Feast of the Baptism of the Lord (A)
January 12, 2014
N.B. I will be embarking on a long journey by land to Eastern Samar to do an errand of charity so I am posting this well in advance. Happy new year to everyone!
Soren Kierkegaard had an interesting insight about knowing and behaving according to what one might know. If there were people who knew all about where the Messiah was to be born, they had to be the experts, the learned, the scribes … those who knew the law and had it in their finger tips. They knew everything there was to know. But they did not budge a single inch from where they stood, perched on the pinnacle of indifference and unconcern.
In contrast, the Magi only heard a rumor. But it was enough to make them go for the journey of a lifetime, in search of the rumored newborn king. They moved. They searched for him with might and main, even risking the ire of a jealous, insecure king, who also searched for the boy, but for different reasons.
Today, our own version of rumors get an astounding confirmation. Even Isaiah foresaw it: “Here is my servant whom I uphold, my chosen one with whom I am pleased.”
But these are not mere empty rumors without bases. These are pieces of good news vouched for and guaranteed by no less than He who can neither deceive nor be deceived.
The Bible calls it a testimony, an act of witnessing – something that happens when one stands for a truth and stands by someone else about whom he witnesses for. This testimony was done by John the Baptist. First, he did by negating: “I am not the Christ.” Second, he did the same by affirming: “Someone else greater than me is coming.” “Behold the Lamb of God. Behold him who takes away the sins of the world.”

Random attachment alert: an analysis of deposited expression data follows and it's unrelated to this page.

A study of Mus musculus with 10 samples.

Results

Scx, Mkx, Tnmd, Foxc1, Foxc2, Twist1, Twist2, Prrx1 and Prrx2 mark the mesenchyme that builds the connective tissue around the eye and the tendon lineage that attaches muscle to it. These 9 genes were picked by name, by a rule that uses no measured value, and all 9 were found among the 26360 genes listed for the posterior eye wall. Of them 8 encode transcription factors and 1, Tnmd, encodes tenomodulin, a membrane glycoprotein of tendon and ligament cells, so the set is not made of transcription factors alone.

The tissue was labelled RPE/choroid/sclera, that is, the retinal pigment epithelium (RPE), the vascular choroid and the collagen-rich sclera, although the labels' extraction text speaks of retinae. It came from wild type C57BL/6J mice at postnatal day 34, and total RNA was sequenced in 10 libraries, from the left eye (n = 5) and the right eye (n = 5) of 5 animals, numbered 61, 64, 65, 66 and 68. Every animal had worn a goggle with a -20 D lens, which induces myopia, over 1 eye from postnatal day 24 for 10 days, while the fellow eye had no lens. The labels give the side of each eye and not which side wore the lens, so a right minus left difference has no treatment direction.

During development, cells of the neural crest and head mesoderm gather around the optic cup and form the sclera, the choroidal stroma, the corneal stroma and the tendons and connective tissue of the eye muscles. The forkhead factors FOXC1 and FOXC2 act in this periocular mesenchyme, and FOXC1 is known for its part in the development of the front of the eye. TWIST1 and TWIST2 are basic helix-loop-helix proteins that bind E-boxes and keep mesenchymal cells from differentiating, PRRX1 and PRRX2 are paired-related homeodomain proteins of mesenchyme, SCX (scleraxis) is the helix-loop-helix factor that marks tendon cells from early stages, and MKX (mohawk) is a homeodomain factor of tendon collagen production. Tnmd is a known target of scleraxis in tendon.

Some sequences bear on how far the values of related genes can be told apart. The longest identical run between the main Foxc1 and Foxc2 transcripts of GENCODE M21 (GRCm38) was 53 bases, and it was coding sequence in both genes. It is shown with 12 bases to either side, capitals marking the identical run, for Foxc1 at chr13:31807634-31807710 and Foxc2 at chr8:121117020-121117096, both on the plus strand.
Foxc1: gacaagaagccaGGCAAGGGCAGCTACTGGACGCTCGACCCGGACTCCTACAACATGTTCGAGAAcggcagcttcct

Today, rumors become testimonies and testimonies become manifestations of something bigger, something greater, something nobler. It was something worth the while of God the Father Himself to proclaim and confirm: “This is my beloved Son, with whom I am well pleased.”
All this in a day’s work for the precursor, the forerunner, John the Baptist, who did the baptism of the Lord he pointed out to amidst the crowds. A rumor has just become a compelling message, a confounding piece of good news, a convincing command from above: “Follow him.”
The Lord was baptized. He who was manifested in the flesh as divine at the Epiphany is now presented fully for who He is, for the world, for us, for me and you. And it has nothing to do with mere whispers utttered tentatively in hushed tones, empty rumors of something or about someone that does not satisfy shallow show business related curiosity.
The Baptism of the Lord is a compelling message becoming an equally compelling invitation to “come and listen, and follow and obey.”
Whispers from below need not be followed. But rumors from angels and from above need to be listened to. Thus was Isaiah’s convincing lines. So, too, was John the Baptist’s compelling command: “Behold!” “See!” “Look!”
For all their learnings and expertise, the Scribes missed the facts. They were waiting for the Messiah with detailed maps in hand and equally detailed instructions at the back of their minds. But they missed him when he came. But the Magi only had rumors and they moved and set out on a journey of search.
I guess there is a big difference between merely hearing the stale and static command to “know” and the command followed by Isaiah, by Paul, by John the Baptist and everyone else who set out in search for Him … “behold,” “see” and “look!”
The Scribes were satisfied in just knowing. The followers of John the Baptist did something more. The magi did something more. On the strength of what they knew and heard, they also moved out in search. Blessed are those who seek, for they will find.
Behold the Lamb of God! Behold him who takes away the sins of the world! This is my beloved Son, in whom I am well pleased. Listen to him!